The Green Party is entering this federal election with high hopes for its best performance ever — even though its national campaign director is only willing to describe his outlook as "cautiously optimistic."
"A lot can happen over the course of the campaign," Jonathan Dickie told CBC News. "But we've never been this strongly positioned going into a federal campaign in the past. In 2015, we were polling at about half this level."
According to CBC's Poll Tracker, an aggregation of all publicly available polling data, the Greens are sitting at 10.7 per cent support, just behind the New Democrats' 12.9 per cent.
Green Party Leader Elizabeth May kicked off her party's campaign in Victoria, B.C. today, calling the coming vote "the most important election in Canadian history."
May said partisan politics has paralyzed efforts to fight climate change.
"It's been petty, short-term, political considerations that clouded the thought processes of people who knew better," she said. "It's time for every so-called leader of every party to join us and accept the targets that are driven by science, not by politics — driven by courage, not by fear."
When May last led her party into a federal election in 2015, the NDP held the role of Official Opposition.
Now the Greens are in a real fight with the third-place federal NDP. The Greens have two federal seats and have secured one provincial seat in Ontario, three in each of New Brunswick and B.C. and eight in P.E.I. where the party has formed the Official Opposition.
They also have money this time. In the second quarter of this year, the Greens narrowly beat the New Democrats in fundraising, taking in $1.437 million in donations to the NDP's $1.433 million.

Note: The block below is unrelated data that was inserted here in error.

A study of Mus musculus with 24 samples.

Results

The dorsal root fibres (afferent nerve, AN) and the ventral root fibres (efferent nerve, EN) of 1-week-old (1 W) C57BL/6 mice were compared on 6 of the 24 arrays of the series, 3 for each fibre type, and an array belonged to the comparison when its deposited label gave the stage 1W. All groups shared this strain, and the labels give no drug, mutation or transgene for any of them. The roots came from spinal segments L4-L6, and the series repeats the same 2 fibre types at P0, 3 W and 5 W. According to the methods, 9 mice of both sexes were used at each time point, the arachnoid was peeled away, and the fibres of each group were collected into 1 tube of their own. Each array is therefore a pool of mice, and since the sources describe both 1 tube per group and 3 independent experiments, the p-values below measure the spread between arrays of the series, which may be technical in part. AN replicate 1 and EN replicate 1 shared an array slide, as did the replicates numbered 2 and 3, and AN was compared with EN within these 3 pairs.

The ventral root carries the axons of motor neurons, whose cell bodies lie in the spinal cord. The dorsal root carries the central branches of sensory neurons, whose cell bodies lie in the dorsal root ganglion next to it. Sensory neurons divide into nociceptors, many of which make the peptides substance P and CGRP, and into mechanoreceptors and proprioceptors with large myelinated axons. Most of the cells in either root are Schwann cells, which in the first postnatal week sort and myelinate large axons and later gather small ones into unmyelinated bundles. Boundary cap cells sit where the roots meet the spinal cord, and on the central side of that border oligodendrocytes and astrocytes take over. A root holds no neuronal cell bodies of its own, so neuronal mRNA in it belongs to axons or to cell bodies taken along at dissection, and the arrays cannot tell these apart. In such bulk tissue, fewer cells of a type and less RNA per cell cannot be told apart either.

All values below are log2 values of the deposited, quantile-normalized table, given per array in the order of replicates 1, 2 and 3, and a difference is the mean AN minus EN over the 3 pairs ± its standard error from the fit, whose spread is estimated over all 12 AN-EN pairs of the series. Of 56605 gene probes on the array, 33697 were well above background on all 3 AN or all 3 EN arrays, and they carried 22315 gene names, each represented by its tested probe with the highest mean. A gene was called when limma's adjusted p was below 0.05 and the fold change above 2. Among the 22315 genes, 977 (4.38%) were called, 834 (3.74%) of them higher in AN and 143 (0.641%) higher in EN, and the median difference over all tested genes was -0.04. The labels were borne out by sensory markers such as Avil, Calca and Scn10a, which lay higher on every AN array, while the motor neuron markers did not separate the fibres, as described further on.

"We realize that we are doing fairly well compared with the past, with fundraising," said Dickie. "On the other hand, compared especially with the Conservatives and the Liberals, we have quite a modest war chest and we'll need to be quite strategic in where we spend that money."
Stretching the campaign dollar
Part of that Green strategy is to avoid going deeply into debt during this campaign — which could be important if the polls are correct and Canadians are leaning toward electing a minority government. Such governments sometimes fall, triggering snap elections.
"We want to run a strong campaign this time around, but we don't want to risk being in a difficult financial situation and have to fight another national campaign within a year or so on a weaker financial footing," Dickie said.
There will be television, radio and print ads, but the party also will be reaching out online to younger Canadians alarmed by the threat of climate change.
The Greens will not be chartering a campaign plane during the campaign, but will instead fly commercial and deploy campaign buses on Vancouver Island and in the Maritimes — regions where the party thinks it can make gains.
"We're realistic but we do see opportunities in a number of regions in Canada where we can elect MPs, and so we've been developing our strategy and our resources to target some particular ridings," Dickie said.
Dickie would not say which ridings will be getting extra attention, but said the strategy of targeting regions where the party feels it can make gains explains why May is kicking off her campaign today in Victoria, B.C., where she will be surrounded by candidates from Vancouver Island and the Lower Mainland.
CBC's Poll Tracker currently estimates the NDP is poised to take about 14 seats, just above the 12 needed to retain official party status. The Greens are expected to take just four seats federally — but the party's hope is to bump that number up to 12 by fighting a solid campaign.
"It's a possibility. It's probably towards the upper end of our range at this point. But it really, for us, changes as the polling numbers change, as we strengthen in certain regions," said Dickie. "In Atlantic Canada we're starting to see some steady improvement, so our numbers could grow."